On Tuesday, May 31st, IPADE hosted a Special Session for students, alumni, and faculty with digital communications expert Gustavo Entrala. Mr. Entrala is the founder and former CEO of 101, a public relations agency with digital DNA. Over the course of his career, he has guided the digital positioning of a wide range of both Spanish and international brands, including Nokia, Diageo,
Laboratorios Alter, Warner Music, Vocento, EMI, General Mills, IFC, Seguros Nuez, Bankinter, and Red Bull. He is perhaps best known for helping to bring the Vatican into the digital age, creating the Twitter account @Pontifex and helping Pope Benedict XVI publish his first tweet.
During the 90-minutes session, Mr. Entrala shared insights on the challenges and benefits of digital transformation, drawing on lessons learned over the course of his extensive experience working in the digital space. Following a quick review of his background and curriculum, Mr. Entrala launched into a series of case studies.
“I’m going to tell you some stories that do not end well,” he said. “You’re used to hearing stories about success from business people that worked their way up from the bottom…or that studied here at IPADE and so everything went great. Most of the stories of digital transformation do not end well.”
He focused on the print media industry and the music industry as two industry-level examples of unsuccessful digital transformation processes, utilizing examples from his personal experience launching the digital properties of Grupo Recoletos. He focused on cosmetics and banking as examples of two industries that have been able to successfully navigate the ongoing challenges of digital transformation, assuring attendees that while it is impossible to see the future, it is not impossible to hypothesize what will happen […and] develop experiments to test those hypotheses by outlining concrete actions, setting goals, and monitoring results.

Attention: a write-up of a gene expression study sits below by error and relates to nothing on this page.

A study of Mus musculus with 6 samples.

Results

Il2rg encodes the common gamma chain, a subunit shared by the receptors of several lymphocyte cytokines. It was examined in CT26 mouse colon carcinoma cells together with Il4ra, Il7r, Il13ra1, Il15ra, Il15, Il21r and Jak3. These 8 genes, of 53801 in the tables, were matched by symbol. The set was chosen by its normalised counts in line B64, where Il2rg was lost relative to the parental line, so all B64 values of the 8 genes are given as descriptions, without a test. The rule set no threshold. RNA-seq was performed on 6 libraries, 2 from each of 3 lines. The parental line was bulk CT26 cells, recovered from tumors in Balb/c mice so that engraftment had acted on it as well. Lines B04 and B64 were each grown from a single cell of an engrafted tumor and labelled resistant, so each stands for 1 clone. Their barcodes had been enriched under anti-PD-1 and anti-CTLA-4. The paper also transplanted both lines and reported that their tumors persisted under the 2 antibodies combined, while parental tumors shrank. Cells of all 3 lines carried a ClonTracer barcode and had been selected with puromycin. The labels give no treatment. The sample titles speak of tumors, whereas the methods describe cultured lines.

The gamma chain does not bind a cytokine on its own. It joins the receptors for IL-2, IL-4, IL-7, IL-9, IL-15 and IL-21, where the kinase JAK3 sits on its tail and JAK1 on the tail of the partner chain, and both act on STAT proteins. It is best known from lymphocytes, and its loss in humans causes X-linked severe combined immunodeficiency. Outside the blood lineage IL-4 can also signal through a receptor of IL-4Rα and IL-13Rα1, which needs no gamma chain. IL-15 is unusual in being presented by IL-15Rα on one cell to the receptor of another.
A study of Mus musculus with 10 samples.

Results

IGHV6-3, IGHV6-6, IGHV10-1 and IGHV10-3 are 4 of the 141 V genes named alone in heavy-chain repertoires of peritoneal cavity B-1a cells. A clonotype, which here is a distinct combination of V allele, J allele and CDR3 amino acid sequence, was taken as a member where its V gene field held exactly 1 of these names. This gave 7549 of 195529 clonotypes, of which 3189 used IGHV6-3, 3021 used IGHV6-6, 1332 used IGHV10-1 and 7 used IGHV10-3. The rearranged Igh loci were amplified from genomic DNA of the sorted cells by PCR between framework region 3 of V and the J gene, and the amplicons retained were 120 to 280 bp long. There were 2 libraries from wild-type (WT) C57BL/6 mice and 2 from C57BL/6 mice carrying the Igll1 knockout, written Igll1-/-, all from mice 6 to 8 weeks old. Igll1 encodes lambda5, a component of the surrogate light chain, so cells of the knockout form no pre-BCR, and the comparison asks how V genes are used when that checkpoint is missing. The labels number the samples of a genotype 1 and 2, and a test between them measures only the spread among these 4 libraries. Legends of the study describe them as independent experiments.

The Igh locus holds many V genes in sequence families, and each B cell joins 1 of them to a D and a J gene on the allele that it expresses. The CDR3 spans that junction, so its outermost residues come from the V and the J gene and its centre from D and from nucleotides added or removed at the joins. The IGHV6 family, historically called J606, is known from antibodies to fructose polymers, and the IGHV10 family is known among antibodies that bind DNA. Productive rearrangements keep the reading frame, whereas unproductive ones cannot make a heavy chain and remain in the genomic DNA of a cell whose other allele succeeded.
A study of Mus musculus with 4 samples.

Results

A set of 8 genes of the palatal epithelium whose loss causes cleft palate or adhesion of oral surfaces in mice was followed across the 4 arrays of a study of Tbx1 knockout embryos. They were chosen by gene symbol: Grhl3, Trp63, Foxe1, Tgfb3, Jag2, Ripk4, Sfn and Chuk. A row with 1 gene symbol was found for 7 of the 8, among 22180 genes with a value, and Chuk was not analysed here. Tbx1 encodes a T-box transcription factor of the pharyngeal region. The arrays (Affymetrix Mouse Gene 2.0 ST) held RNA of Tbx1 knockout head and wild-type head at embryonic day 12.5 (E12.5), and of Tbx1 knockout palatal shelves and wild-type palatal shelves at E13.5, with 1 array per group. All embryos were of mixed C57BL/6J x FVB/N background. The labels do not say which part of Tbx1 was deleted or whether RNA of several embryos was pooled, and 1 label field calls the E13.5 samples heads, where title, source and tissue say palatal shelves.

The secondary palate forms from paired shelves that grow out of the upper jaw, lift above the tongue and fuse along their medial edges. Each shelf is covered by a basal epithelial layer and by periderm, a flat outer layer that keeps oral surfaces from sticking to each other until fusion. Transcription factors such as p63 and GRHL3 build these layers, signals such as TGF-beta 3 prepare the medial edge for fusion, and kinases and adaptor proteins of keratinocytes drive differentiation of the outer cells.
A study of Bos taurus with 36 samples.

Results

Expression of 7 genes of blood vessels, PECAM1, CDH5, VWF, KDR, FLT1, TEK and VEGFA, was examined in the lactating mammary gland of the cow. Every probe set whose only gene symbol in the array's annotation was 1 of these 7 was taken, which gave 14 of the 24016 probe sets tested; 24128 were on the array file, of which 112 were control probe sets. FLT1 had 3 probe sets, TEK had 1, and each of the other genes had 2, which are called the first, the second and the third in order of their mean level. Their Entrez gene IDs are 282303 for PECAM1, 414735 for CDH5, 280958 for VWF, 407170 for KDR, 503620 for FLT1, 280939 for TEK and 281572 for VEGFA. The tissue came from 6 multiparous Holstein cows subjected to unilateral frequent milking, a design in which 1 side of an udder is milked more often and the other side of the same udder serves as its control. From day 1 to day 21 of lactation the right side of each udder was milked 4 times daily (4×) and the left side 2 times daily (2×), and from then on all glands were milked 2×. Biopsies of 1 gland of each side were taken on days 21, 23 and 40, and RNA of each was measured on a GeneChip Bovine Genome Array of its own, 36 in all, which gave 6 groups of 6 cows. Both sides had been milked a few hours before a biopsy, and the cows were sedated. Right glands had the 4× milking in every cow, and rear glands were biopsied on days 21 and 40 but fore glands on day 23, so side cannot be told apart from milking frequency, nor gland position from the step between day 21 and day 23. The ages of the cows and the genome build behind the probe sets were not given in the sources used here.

Mr. Entrala also emphasized that the key to successfully navigating change is always people: “As a leader, it’s crucial to listen to young people. That’s where the ideas are coming from,” he said. “Just because you don’t understand something doesn’t mean that it’s not worthwhile.”
In closing, Mr. Entrala challenged attendees to embrace change. “We’ve spent 195,000 years doing essentially the same thing,” he declared. “We’ve only started to evolve in the past 5,000. We have to adjust the brain chip; we have to stop being afraid of change.”
Following the presentation and Q&A, attendees were invited to a networking cocktail hosted by IPADE.